In today’s rapidly evolving world, St. Vrain Valley Schools is committed to preparing students for success in an increasingly complex and globalized environment. To achieve this, St. Vrain has launched ‘Exploration AI,’ a year-long professional development program designed to equip educators with the knowledge and tools needed to integrate Artificial Intelligence (AI) technology into their teaching practices and curricula.
“Exploration AI was conceived through a collaboration between the Office of Professional Development, District Technology Services, and the Office of Assessment and Curriculum. Each department contributed its unique expertise,” said Jason Kelsall, Learning Systems Strategist for St. Vrain Valley Schools. “The Office of Professional Development focused on educational needs, District Technology Services handled the technical infrastructure, and the Office of Assessment and Curriculum ensured alignment with educational standards.”
The program aims to provide educators with an understanding of AI fundamentals, including machine learning, natural language processing, and data analytics. They receive hands-on training with various AI tools and learn how to effectively implement them in educational settings. In addition, they will discover innovative ways to use AI for formative assessments that enhance learning and explore AI’s potential benefits in special education.
Teachers and staff have different reasons for participating in Exploration AI. “My goal is to learn how to utilize AI in a way that encourages students to think critically and learn how to use AI effectively,” said David Wrisley, Media Consultant at Longmont High School. “I am curious about where the future of AI in schools is going, and I want to have an advantage.”
Exploration AI has already produced success stories in St. Vrain Valley Schools across all grades and subject areas. In math classrooms, AI-generated discussion questions have enriched vocabulary learning experiences. Elementary music teachers have used AI-generated accompaniment tracks to enhance self-assessment and reflection. Secondary social studies teachers have employed AI tools for brainstorming and planning in virtual classrooms. AI has supported social and emotional learning exercises as well. Conflict resolution lessons in 5th-grade classrooms have been made interactive and relatable using AI-generated role-playing scenarios.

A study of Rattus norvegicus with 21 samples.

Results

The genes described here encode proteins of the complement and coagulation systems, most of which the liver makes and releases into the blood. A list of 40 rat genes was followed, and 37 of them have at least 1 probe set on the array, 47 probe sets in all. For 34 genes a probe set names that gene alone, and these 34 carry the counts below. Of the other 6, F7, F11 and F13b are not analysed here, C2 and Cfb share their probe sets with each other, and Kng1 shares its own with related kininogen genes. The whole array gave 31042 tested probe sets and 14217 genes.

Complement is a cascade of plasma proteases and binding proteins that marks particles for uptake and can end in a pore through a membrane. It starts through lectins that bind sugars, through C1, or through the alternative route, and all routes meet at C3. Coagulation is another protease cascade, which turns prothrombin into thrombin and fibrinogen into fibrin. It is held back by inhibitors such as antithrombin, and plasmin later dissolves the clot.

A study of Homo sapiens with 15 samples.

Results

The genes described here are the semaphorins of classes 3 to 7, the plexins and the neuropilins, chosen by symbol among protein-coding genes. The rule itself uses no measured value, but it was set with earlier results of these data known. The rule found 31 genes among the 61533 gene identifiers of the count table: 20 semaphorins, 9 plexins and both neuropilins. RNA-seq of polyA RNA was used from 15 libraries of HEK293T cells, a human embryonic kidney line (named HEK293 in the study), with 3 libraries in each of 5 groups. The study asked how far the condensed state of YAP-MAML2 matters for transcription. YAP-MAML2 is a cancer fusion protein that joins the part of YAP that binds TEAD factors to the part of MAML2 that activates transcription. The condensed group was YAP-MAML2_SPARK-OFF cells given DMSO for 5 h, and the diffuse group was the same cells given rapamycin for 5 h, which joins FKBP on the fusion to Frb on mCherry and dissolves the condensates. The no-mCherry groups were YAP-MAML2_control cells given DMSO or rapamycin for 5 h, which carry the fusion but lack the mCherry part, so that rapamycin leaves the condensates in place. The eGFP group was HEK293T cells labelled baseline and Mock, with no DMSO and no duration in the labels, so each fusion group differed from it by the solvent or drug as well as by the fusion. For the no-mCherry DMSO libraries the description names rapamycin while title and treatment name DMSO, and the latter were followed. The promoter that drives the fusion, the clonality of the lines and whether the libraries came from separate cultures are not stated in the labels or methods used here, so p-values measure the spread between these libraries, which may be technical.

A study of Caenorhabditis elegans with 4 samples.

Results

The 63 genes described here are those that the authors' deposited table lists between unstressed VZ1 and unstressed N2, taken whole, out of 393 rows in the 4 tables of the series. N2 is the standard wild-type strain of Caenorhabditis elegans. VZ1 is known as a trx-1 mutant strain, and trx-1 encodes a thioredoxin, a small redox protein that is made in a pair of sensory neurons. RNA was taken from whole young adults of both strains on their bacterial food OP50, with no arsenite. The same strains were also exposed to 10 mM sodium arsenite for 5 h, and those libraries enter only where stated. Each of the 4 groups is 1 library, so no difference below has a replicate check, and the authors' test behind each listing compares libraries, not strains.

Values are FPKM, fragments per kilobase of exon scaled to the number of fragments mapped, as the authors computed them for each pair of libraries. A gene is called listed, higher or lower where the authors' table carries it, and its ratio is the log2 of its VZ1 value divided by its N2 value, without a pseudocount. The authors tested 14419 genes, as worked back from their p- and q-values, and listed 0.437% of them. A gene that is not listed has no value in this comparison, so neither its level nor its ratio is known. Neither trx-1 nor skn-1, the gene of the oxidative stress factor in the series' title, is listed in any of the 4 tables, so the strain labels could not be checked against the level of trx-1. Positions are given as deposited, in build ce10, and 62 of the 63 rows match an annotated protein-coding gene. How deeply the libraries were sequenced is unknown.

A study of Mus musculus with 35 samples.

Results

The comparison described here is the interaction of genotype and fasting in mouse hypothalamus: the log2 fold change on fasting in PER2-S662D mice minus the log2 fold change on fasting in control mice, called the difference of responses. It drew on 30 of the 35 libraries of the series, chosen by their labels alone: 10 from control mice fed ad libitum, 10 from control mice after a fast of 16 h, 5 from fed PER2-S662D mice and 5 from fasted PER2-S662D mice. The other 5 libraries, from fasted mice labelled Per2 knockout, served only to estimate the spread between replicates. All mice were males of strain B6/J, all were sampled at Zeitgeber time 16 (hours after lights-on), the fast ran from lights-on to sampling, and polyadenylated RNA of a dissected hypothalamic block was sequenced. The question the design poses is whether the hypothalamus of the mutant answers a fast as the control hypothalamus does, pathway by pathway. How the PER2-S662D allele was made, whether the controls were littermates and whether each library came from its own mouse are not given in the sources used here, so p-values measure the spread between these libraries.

The program also includes monthly EdCamp Pop-Up sessions and the Professional Learning Network (PLN) which encourages teachers to collaborate, discuss, and share resources and strategies. These sessions aim to enhance educators’ teaching tactics and their understanding of AI’s countless applications.
St. Vrain has long-term goals to build on the success of Exploration AI by expanding the program in future years. “This could include deepening the AI curriculum, offering advanced training sessions, and potentially integrating AI initiatives into other school-wide programs,” said Kelsall. Each school is also identifying an “Exploration AI champion” who will spearhead AI integration efforts. Teachers who become Exploration AI champions will gain leadership skills that can be invaluable for their professional development and for driving change within their schools.
Exploration AI in St. Vrain Valley Schools represents a dynamic shift in education, where educators are not only keeping pace with technological advancements but leading the way. With over 300 participants from more than 50 different schools and programs, the impact of this program is already evident. As educators gain proficiency in AI, students will benefit from enhanced learning experiences, preparing them for a future where AI plays an ever-increasing role.